On the day of the publication last week of Sir Bruce Keogh’s report (heavily and utterly misleadingly trailed by right-wing media and commentators) into 14 NHS Trusts, Health Secretary Jeremy Hunt’s statement to the Commons included an interesting referral as he tried to paint Labour as culpable for a supposed cover-up of ‘avoidable’ mortality in the NHS:
Professor Brian Jarman—[Interruption.] I think Opposition Members might want to listen to this, because it is what independent people are saying. Professor Jarman, who invented hospital standardised mortality indices, said that “the problem was ministerial pressure, even from Number 10.
It turned out that Hunt was misleading in his claims of ‘ministerial pressure’ by Labour throughout his statement, as this article by Shibley, and the letter he reproduces from Baroness Young, show. But was he right in describing Professor Jarman as ‘independent’?
He’s certainly right in implying that the Professor’s credibility on the issues surrounding hospital mortality depend on it, as any conflict of interest on the matter should render his ‘expert opinion’ inadmissible.
I’ve criticised Professor Jarman, the creator of the ‘HSMR’ statistical system for measuring NHS mortality, on a number of occasions for his apparent support of misleading media claims of ‘needless NHS deaths’, whether on Mid Staffs, on Leeds children’s heart surgery unit, on the 14 NHS Trusts investigated by Bruce Keogh, or on the NHS generally.
But I’ve read his motivation as centering around his emotional desire to defend his statistical ‘baby’, leading to an apparent agreement when interviewed by the media about ‘needless’ NHS deaths, even though his comments on Twitter have occasionally admitted that HSMRs are, at best, a prompt to “check if something’s going wrong”, which is also what he told the Francis inquiry.
Hospital Standardised Mortality Ratios, or HSMRs, have been replaced by the SHMI (Summary Hospital-Level Mortality Indicator) as the official measure of NHS hospital mortality, primarily because HSMRs only include a proportion of hospital deaths and do not include deaths within 30 days of discharge, which can lead to distorted mortality rates.
HSMRs, which are promoted by a commercial Doctor Foster Intelligence (DFI), also face competition from the RAMI (risk-adjusted mortality index) promoted by a rival company, CHKS. It would be understandable – though wrong – for Professor Jarman to want to enhance the perception and acceptance of his ‘baby’.
But is that the only reason?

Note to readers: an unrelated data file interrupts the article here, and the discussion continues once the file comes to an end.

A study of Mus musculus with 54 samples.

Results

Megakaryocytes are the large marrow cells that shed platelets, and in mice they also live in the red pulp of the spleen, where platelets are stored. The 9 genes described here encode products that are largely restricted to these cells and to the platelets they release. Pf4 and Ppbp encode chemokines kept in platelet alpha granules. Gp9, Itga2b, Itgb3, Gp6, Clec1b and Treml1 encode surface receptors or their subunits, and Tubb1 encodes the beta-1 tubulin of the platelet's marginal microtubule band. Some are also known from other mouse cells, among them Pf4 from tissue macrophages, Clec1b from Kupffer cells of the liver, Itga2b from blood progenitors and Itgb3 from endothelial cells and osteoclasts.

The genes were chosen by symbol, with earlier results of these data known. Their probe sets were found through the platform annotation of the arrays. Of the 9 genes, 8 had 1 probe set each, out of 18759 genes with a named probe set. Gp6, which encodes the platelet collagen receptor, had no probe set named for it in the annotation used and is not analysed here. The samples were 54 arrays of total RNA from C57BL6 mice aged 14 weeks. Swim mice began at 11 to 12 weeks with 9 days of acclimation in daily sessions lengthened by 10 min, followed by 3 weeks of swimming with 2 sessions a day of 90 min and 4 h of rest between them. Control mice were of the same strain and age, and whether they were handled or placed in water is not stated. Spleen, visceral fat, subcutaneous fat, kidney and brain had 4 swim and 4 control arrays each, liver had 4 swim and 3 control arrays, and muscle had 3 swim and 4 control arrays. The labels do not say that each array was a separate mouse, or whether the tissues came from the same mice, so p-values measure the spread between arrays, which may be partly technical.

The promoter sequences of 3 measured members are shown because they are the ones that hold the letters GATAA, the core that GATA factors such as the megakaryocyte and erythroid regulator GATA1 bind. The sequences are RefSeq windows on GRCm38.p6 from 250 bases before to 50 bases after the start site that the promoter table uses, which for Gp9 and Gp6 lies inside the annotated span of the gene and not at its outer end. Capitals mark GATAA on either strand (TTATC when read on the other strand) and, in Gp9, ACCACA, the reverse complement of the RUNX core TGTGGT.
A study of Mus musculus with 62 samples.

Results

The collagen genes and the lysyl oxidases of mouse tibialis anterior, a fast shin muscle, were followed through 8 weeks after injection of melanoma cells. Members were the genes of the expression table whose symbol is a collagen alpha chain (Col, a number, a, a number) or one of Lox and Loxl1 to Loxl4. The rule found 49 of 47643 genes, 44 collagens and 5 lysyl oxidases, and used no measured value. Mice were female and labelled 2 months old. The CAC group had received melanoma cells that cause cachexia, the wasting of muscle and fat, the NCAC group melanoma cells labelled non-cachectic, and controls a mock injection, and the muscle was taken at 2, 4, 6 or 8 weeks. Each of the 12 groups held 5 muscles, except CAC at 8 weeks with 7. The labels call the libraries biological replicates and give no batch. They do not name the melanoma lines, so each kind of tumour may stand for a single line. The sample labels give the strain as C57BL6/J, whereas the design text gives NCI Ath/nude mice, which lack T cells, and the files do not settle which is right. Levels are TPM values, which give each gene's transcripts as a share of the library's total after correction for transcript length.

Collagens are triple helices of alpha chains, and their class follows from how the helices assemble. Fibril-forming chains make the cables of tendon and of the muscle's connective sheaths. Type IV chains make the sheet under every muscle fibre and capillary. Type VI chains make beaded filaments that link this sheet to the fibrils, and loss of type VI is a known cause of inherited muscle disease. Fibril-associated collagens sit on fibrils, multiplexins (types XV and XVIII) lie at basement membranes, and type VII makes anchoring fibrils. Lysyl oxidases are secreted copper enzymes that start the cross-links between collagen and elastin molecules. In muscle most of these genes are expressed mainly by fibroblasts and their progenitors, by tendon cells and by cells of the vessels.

DFI delivers alerts to hospitals which participate in its programme if they are suspected to have excessive mortality rates, and publishes a ‘Good Hospital Guide’ ranking hospitals by its assessment of their performance on patient mortality. As one of its directors, Roger Taylor testified to the Francis inquiry, DFI charges NHS Trusts some £35,000 a year (2011 prices, perhaps higher now) for its services. Since there are around 140 NHS Trusts in England, this represents a potentially huge and profitable business.
A couple of days ago, I was contacted by someone who, incorrectly, believed that Professor Jarman held a direct commercial interest in the perception of his system. Preferring the direct route where possible, I asked Prof Jarman directly whether this was true. His answer was prompt and precise:
However, I have also obtained additional information that makes the situation considerably less clear-cut.
DFI is part owned by the Department of Health. The balance is owned by a ‘holding company’, Dr Foster Holdings LLP (DFH). An ‘LLP’ is a ‘limited liability partnership’ – a company which any number of partners co-own, but without the unlimited ‘joint and several liability’ of ordinary partnerships. The risk for the partners is limited in a similar way to that of shareholders in a limited company – and the partners share directly in any profits of their partnership company.
A list of the partners in Dr Foster LLP can be obtained from Companies House. The list is revealing in at least one important way:
Dr Julian William Ernest Jarman is a director and ‘LLP Member’, or partner, in DFL.
Is the surname a coincidence? An extract from a 2001 ‘Health Service Journal’ (HSJ) article gives us the answer. The article can be found here, but you have to register to open it, so under ‘fair use’ rules, I’m reproducing a few lines here:
Julian Jarman is Professor Brian Jarman’s son.
The professor is interviewed regularly by the media, used by official investigations such as Bruce Keogh’s, and referred to by the Secretary of State for Health, as an ‘independent’, impartial expert in NHS mortality statistics – and presented to the public as such.
But in light of this new evidence, can a claim to impartiality be considered credible?